Vineyard prices rose by an average of 1.5% in 2013, but it was a very mixed year in which few generalisations are possible.
There are enormous divergences in vineyard prices in France.
Even at a regional level, such are the variations between different appellations and classifications that buyers have to undertake their market research with great care.
It is the same for the performance of the market, for all that can be broadly stated was that it was a mixed year for the wine growing areas of France: whilst some vineyards showed an upward trend, many went south.
Outside of Champagne, AOP vineyards (formerly Appellation d’Origine Contrôlée - AOC) rose by an average of 1.5% last year, to reach an average of €59,600 per hectare.
According to SAFER, (Société d'aménagement foncier et d'établissement rural) prices have picked up in recent years due to low interest rates and increased revenues from wine production, due to the rise in global demand, particularly from the leading producers in Bordeaux and Burgundy.
The following table shows the average sales price per hectare, with the variation from 2012, for AOP vineyards in each of the main wine areas of France.
|French AOP Vineyard Prices 2013 |
|Region||Price €/HA||Variation 12/13|
|France AOP (ex Champagne)||59,600||+1.5%|
Vineyards outside of this classification with no geographic indication (IOP) also saw a positive growth of an average of 1.7% to reach €12, 100 per hectare. This is the third consecutive year when average prices for such vineyards have increased, after a decade between 2000 and 2010 when prices fell by an average of 28%.
The change in fortunes is for the most part attributable to the restructuring and resurgence of the vineyards of Languedoc. Over the past 30 years, there has been a dramatic reduction on the surface area dedicated to vineyards in this region, which has shrunk from 407,000 hectares in 1979 to 236,000 today. The reduction in vineyards has been accompanied with a change in the varietals grown, with a large fall in Carignan production, replaced by Syrah, Grenache and Merlot varieties, which are also produced in lower densities.
Drill down into the figures and the magnitude of the differences that 'average' prices can hide becomes apparent.
Thus, in Alsace, prices per hectare range between €40K and over €300K, in a market where there is not a lot of sales activity.
In Bordeaux, highest prices for vineyards are in the Paulliac appellation at an average price of €2 million a hectare, followed by Saint-Julien-Margaux at €1m/ha, and Pomerol at €900K/ha. By contrast, more down to earth prices can be found for Bergerac (€10k/ha), Bordeaux rouge (€15K/ha), or Cotes de Marmandais (€9K/ha), but where the profitability of such vineyards is much more uncertain.
In Burgundy, vineyards of the Bourgogne Grand Cru reach stratospheric prices at €3.8 million/ha, the highest priced vineyards in France. Lower classed Bourgogne Premier Cru sells at €500K/ha and Bourgogne Rouge at €32K/ha. The cheapest Beaujolais vineyards average around €10/ha, although starting prices are lower. There has been a substantial reduction in the surface area of such vineyards in the last few years, down from 17,000 to 11,500 hectares.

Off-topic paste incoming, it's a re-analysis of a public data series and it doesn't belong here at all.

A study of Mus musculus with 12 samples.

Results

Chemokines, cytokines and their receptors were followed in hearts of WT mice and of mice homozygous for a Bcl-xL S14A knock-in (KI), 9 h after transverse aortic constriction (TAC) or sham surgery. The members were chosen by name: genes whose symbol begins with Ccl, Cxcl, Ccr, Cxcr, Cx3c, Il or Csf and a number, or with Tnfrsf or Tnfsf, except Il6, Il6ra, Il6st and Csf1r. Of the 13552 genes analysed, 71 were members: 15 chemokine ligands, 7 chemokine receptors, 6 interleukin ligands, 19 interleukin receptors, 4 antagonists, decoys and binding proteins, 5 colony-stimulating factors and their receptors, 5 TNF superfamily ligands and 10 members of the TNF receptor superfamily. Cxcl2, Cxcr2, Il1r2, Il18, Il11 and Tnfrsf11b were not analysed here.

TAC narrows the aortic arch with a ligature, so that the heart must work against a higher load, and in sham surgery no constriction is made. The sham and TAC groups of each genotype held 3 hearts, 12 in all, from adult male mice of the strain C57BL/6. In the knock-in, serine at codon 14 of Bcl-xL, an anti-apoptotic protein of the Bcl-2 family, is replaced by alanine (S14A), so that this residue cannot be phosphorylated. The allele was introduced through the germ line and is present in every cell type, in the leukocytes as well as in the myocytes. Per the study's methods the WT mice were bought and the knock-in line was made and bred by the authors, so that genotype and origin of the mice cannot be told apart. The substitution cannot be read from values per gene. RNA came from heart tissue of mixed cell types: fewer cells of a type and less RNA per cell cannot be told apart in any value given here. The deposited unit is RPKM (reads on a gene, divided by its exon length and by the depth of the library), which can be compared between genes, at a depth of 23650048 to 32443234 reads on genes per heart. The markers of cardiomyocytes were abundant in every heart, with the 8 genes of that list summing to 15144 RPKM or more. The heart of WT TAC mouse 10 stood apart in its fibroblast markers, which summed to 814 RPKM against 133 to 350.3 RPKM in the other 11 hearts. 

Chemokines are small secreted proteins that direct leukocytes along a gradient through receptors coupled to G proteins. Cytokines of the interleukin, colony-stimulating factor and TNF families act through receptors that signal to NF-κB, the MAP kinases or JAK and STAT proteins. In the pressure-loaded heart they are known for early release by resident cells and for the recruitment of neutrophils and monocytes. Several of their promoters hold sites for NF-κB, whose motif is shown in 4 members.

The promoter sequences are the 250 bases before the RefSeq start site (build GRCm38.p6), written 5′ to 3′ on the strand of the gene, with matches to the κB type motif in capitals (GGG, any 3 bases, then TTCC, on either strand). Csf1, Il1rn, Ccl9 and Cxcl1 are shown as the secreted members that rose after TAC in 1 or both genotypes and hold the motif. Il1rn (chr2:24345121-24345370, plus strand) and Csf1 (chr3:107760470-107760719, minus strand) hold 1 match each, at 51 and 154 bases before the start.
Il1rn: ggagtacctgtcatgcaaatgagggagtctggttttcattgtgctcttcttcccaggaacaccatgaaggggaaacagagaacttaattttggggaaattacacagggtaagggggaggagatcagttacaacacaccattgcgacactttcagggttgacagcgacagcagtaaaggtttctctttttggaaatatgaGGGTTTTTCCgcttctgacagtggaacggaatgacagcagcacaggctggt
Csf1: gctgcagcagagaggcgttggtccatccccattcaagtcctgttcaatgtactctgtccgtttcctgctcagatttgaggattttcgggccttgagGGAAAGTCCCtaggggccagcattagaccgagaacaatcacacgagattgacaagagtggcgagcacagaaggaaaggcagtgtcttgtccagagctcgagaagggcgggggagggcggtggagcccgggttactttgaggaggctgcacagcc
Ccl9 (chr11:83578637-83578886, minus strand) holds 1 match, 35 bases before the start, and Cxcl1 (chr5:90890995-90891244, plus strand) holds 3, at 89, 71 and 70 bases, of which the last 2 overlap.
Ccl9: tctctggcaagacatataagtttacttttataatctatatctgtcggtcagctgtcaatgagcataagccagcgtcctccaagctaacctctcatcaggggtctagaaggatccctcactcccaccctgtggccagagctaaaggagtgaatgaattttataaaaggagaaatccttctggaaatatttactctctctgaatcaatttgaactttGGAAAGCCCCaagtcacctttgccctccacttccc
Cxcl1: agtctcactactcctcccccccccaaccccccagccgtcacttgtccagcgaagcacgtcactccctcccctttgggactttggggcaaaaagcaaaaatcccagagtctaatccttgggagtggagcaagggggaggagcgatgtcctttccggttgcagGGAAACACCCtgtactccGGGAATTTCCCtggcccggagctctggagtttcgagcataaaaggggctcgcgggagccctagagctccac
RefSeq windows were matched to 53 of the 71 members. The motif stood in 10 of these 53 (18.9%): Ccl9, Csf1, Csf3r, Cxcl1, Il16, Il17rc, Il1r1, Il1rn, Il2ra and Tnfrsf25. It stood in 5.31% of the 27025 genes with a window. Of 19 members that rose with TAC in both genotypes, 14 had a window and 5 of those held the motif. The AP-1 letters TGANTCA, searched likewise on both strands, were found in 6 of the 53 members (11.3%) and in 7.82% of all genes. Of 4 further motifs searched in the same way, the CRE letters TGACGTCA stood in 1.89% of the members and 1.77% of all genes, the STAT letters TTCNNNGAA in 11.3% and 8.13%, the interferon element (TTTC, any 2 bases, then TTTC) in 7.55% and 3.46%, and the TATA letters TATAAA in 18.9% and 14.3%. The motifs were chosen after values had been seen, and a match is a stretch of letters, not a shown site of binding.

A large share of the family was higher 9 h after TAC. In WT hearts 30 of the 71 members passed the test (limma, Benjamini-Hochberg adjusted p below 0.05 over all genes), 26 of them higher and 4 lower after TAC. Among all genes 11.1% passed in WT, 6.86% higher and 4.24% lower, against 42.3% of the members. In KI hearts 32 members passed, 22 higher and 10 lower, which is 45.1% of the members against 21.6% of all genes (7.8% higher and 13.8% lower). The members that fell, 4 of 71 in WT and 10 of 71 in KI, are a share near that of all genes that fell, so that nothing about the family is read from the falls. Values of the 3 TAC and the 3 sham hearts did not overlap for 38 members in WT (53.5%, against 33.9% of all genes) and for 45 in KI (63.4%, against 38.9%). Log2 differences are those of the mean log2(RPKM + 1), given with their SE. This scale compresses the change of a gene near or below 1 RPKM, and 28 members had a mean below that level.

Vineyards in Champagne sell for anything between €800K/ha and €1.6m/ha, although once again, the starting prices of some vineyards are considerably lower.
In the vast Languedoc-Roussillon region vineyard prices are far more modest, but equally varied, ranging from €10K/ha up to €37K/ha for vines of Pic Saint-loup in the Herault department. IOP vineyard prices will be lower. In the adjoining Pyrénées-Orientales, the sweet wines of this area continue to suffer from a surprising lack of customer demand, with average prices for the vineyards flagging at between €9K/ha and €22K/ha.
Market activity in the South-West is very small, and vineyard prices are amongst the lowest in France, starting at €5K/ha at the bottom in many areas, up to around €45K/ha for the vineyards of the lovely white wines of Jurançon. The vineyards of Marcillac in Aveyron fell by 33% in the year, down from €30K/ha to €20K/ha.
In the Loire, many vineyards can be purchase for well under €10K/ha, rising to around €145K/ha for a Pouilly-Fumé vineyard, and €140K/ha in Sancerre.
Finally, in the Rhone, prices are again very diverse. At the top end prices rose considerably for the vineyards of Hermitage and Côte-Rotie (€1mK/ha), to Châteauneuf-du-Pape (€350K/ha) where prices lifted slightly, down to the stagnating Côtes du Rhône, starting at around €12K/ha, but with IOP vineyards lower. Much of the region a relatively closed market, with most purchases to local buyers.
Prices for individual vineyards may well fall out of these ranges, which are merely zonal averages. In addition, in some areas the market is small, which will inevitably distort averages for these areas.